Butterscotch never held it against me, though. She never once pecked at me. She'd just shake her head and flap her wings a little, like a person stretching after a deep sleep. Then she'd run over to the feeder and nibble a few food pellets.
If I can model my life after anyone in the coming New Year, I want to be like Butterscotch.
You'll notice I write about her in the past tense. She died the night before Thanksgiving.
I worked late that day and didn't have a chance to collect the eggs until after church, around 10 that night. I started toward the coop and heard a lot of flapping and clucking. Those are not normal sounds that late at night. I went back in the house and got my pistol.
One of our red hens met me at the coop door. She was freaked out. I noticed the rest of the chickens on the roost, huddled together and clucking. They were scared of something.
I looked in the corner and saw a possum with a bloodied Butterscotch in its mouth. I took a step forward. It dropped her and hissed at me.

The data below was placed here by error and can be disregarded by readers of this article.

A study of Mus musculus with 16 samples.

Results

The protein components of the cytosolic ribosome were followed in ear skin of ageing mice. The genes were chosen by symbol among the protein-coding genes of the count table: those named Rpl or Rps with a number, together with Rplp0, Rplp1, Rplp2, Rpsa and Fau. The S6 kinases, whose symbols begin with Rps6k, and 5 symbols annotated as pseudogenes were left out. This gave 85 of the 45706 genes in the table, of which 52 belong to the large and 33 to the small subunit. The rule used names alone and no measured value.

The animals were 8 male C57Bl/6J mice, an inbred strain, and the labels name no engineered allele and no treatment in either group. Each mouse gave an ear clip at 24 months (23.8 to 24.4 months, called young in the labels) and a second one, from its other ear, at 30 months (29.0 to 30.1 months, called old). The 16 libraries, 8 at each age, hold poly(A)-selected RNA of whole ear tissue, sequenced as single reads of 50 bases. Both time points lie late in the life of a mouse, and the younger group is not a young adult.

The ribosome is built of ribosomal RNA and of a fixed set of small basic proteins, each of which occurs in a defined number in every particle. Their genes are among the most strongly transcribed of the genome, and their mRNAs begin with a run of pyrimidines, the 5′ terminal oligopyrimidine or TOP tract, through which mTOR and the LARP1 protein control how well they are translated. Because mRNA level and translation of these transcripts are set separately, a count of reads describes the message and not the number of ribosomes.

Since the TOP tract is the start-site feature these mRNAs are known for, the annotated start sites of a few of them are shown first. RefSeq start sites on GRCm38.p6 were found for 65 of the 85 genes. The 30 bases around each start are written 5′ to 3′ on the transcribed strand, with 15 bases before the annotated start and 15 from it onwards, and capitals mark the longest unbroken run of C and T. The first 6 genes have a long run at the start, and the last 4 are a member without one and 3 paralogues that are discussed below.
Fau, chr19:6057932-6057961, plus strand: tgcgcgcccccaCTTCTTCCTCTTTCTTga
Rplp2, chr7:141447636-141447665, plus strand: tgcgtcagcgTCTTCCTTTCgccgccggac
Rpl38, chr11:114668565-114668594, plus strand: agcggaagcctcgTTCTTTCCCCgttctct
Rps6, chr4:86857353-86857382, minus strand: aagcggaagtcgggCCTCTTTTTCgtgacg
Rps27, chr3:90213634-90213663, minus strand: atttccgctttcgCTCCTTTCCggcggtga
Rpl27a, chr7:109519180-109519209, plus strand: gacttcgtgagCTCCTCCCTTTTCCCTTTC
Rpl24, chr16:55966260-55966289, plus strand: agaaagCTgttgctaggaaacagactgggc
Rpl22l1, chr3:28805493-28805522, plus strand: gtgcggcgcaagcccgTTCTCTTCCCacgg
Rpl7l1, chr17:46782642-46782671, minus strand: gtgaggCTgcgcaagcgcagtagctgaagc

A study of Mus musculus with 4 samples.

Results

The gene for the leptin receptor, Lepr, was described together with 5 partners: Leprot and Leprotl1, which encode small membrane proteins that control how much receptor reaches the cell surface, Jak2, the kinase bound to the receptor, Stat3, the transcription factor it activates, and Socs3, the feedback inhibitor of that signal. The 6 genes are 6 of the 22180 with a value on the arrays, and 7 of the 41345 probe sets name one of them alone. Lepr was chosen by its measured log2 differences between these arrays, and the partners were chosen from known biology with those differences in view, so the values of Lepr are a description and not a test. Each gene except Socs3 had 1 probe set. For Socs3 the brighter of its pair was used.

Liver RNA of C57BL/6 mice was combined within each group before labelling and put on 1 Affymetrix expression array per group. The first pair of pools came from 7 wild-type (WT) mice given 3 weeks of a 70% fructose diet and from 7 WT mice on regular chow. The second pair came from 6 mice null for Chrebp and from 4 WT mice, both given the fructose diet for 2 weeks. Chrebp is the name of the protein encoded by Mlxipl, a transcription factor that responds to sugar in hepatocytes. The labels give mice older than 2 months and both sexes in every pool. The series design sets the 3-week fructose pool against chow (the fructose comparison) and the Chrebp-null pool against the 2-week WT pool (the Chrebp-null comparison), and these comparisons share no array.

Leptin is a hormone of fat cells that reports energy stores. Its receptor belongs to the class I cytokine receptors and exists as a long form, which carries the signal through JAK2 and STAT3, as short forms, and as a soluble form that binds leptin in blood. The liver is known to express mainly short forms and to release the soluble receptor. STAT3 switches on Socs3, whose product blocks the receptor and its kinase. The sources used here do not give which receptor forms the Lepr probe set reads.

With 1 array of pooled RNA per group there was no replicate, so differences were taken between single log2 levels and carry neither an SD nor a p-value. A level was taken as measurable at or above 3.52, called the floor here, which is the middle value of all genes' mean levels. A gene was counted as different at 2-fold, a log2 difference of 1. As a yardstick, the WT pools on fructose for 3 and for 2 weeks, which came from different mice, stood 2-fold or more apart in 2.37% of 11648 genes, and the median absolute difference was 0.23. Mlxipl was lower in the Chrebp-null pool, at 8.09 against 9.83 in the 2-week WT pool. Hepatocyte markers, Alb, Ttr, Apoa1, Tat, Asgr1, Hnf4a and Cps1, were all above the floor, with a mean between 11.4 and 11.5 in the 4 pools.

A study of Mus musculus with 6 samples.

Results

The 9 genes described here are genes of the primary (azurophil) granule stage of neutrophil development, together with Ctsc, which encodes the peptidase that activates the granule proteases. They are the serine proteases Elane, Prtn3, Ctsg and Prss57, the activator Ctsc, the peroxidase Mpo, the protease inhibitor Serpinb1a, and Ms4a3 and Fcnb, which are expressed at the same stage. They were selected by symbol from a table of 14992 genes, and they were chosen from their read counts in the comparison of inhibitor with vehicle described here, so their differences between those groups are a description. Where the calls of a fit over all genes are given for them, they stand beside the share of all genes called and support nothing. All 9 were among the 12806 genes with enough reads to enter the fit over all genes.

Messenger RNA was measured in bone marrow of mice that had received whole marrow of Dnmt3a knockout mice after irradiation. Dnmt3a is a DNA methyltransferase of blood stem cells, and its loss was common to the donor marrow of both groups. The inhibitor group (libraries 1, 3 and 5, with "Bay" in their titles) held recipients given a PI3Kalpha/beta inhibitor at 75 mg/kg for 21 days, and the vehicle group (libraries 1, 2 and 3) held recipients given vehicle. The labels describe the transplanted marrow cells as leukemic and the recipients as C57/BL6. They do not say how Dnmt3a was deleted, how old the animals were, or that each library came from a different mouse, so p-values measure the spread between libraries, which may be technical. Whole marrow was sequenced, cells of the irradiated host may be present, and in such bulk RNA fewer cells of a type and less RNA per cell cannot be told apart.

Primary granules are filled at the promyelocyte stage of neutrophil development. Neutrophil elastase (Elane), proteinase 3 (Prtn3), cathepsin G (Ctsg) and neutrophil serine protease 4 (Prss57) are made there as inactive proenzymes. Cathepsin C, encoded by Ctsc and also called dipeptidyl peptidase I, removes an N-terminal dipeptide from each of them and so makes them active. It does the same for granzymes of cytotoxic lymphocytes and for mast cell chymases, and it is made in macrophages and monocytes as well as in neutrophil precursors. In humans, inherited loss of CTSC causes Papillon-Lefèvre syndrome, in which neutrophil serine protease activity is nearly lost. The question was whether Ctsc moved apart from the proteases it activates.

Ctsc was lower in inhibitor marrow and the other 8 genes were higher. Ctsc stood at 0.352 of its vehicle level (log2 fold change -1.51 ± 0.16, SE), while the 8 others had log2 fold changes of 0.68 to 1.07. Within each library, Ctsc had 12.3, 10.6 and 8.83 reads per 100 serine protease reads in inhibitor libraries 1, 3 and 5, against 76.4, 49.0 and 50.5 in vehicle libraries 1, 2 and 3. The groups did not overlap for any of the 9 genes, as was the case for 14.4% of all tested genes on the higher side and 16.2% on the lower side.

I aimed. Two shots, and the possum was no more. I gave it two more for spite.
I then turned my attentions to Butterscotch. I scooped her up, carried her outside and lay her on the ground. She was grievously injured. The possum did a number on her, making big gashes on her belly. She was still alive but barely breathing.
I ran to the house to get my wife, Whitney. By the time I returned, Butterscotch was dead.
We still have a half-dozen of her eggs in our fridge. We never gave them to anybody, as they were much smaller than our other chickens' eggs. They tasted just fine, though, and were perfect for fried egg sandwiches.
But that last half-dozen will probably remain untouched. I don't think I'll ever be able to eat them.
I realize we'll have to throw them out someday. Right now, it just makes me too sad. Because once those eggs are gone, so will be the only kind, happy-go-lucky chicken I ever met.
Contact writer Zack Harold at zack.har...@dailymail.com or 304-348-7939.